LOS ANGELES — Ousted Yugoslav premier Milan Panic, the colorful founder of ICN Pharmaceuticals Inc., said Tuesday that he is back in the driver's seat at the Costa Mesa company but will continue to look over his shoulder at events unfolding in his troubled homeland.

"I'm glad to be back," said Panic, who actually returned March 4 as ICN's chairman and chief executive officer. "I am here to go back to my business."

Panic's homecoming was nine months after he took a leave of absence from ICN to serve as prime minister of the Yugoslav federation made up of Serbia and Montenegro. He was ousted as prime minister in a vote of no confidence in December. Shortly afterward, he failed in an attempt to unseat rival Slobodan Milosevic as president of Serbia.

Speaking in characteristic upbeat terms, Panic said he is more businessman than politician.

"I can run a company much more easily than I can a country," Panic said during an hourlong press conference Tuesday morning at the Biltmore Hotel in Los Angeles.

Echoing an idea he first proposed in an interview with The Times in January, Panic said the best way to achieve peace in the Balkan region is to focus on economic integration, rather than political solutions. He suggested that an economic summit be called soon so that those war-torn and former communist countries can begin forming their own economic bloc, similar to the European Community.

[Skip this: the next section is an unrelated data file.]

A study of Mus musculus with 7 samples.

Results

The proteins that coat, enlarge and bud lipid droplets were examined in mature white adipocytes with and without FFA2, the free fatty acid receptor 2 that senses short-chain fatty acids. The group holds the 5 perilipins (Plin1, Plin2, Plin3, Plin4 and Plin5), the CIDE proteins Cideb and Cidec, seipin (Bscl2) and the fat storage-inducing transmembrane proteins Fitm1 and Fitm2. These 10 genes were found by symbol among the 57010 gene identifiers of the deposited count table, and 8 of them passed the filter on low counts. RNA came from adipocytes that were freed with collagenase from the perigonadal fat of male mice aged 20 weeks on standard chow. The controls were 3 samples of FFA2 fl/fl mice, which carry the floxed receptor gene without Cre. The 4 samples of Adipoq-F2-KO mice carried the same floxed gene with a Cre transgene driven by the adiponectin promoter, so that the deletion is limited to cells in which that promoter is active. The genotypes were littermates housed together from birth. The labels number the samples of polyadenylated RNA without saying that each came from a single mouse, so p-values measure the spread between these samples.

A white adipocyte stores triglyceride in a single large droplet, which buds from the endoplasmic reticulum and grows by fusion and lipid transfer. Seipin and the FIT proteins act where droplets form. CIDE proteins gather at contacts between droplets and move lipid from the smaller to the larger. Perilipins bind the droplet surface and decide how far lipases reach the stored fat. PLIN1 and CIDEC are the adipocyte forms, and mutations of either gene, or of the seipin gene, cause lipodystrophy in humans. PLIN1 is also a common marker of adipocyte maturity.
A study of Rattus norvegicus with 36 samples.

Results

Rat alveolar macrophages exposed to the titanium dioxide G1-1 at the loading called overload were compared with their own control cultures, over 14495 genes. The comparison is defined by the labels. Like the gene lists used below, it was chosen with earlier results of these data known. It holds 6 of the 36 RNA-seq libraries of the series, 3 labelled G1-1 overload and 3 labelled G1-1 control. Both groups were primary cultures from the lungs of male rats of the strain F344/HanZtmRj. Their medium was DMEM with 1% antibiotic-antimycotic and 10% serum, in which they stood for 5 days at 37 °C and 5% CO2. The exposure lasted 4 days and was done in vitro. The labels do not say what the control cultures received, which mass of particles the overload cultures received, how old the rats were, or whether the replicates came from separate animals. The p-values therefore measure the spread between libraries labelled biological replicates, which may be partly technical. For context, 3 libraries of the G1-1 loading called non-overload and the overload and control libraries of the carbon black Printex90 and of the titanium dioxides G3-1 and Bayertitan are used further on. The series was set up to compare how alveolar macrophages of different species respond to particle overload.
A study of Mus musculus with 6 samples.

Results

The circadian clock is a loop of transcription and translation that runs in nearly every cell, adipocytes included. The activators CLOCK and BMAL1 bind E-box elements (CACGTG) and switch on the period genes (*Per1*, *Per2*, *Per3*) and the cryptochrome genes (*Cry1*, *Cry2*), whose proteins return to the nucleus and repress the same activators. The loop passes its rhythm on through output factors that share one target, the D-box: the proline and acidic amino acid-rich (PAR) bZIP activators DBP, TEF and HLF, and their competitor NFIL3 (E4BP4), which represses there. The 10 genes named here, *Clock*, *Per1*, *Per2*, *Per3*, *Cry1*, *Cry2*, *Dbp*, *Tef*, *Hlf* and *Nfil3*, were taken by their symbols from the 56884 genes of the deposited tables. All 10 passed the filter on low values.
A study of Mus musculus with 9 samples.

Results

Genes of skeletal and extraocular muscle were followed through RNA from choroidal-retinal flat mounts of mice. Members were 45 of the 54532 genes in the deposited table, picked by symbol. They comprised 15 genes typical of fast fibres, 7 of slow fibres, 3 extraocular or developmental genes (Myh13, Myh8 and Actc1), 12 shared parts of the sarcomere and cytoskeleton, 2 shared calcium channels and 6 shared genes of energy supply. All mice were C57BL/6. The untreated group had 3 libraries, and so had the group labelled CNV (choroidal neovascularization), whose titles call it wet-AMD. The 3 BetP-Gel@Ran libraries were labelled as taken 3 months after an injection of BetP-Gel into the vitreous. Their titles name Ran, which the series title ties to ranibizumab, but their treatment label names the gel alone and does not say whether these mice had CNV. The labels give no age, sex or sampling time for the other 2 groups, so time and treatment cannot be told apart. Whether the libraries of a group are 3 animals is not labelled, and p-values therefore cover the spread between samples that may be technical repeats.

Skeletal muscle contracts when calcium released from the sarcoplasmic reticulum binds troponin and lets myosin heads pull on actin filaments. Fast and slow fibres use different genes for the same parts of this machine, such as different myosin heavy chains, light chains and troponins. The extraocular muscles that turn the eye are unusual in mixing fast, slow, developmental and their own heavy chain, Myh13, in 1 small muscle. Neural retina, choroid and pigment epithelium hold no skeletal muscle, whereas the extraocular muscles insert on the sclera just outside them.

"The time for killing for ideas is over," Panic said in rhetorical comments that included few specifics. "Economics is far more important than politics."

But with ICN's annual shareholder meeting coming up in May, Panic said, his main concern now is to resume control of the $1.5-billion conglomerate he said he has all but ignored in the past year.

Despite troubles in many Eastern European countries, Panic expressed confidence that his strategy of building a pharmaceuticals empire in Eastern Europe is still financially sound.

The company has struggled to overcome the effects of international economic sanctions on its Yugoslav joint venture, ICN Galenika, a drug manufacturer based in Belgrade. And the recent power struggle in Russia may also prove troublesome: ICN's chief subsidiary, SPI Pharmaceuticals Inc., is negotiating a takeover of St. Petersburg-based Leningrad Industrial Chemical and Pharmaceutical Assn., also called Oktyabr. The agreement is expected within a month, ICN officials say.

Panic responded to a question about the Russian venture by saying that he is not overly concerned and that officials of both Oktyabr and ICN know of the risks associated with establishing an enterprise in a politically unstable region. "It is something we are all aware of," he said.

Panic may also face conflict at home. Stockholders are rumored to be increasingly weary of his tight control over the company's board of directors. Panic is chairman and chief executive of holding company ICN, SPI and two other subsidiaries: ICN Biomedicals Inc. and Viretek Inc.

One ICN shareholder said Tuesday that he is not happy to see Panic return to his Costa Mesa office and suggested that there may be a power struggle.

Besides, "he's grossly overpaid," said Seth M. Glickenhaus, a senior partner at investment firm Glickenhaus & Co. in New York.

Panic, who received $6 million in salary and other executive compensation last year, said that he would welcome a challenge and that his experience in Yugoslavia has tempered him sufficiently to do battle in the corporate arena.

"I call them war profiteers," Panic said of those who might challenge him at ICN. "But I am an old fighter."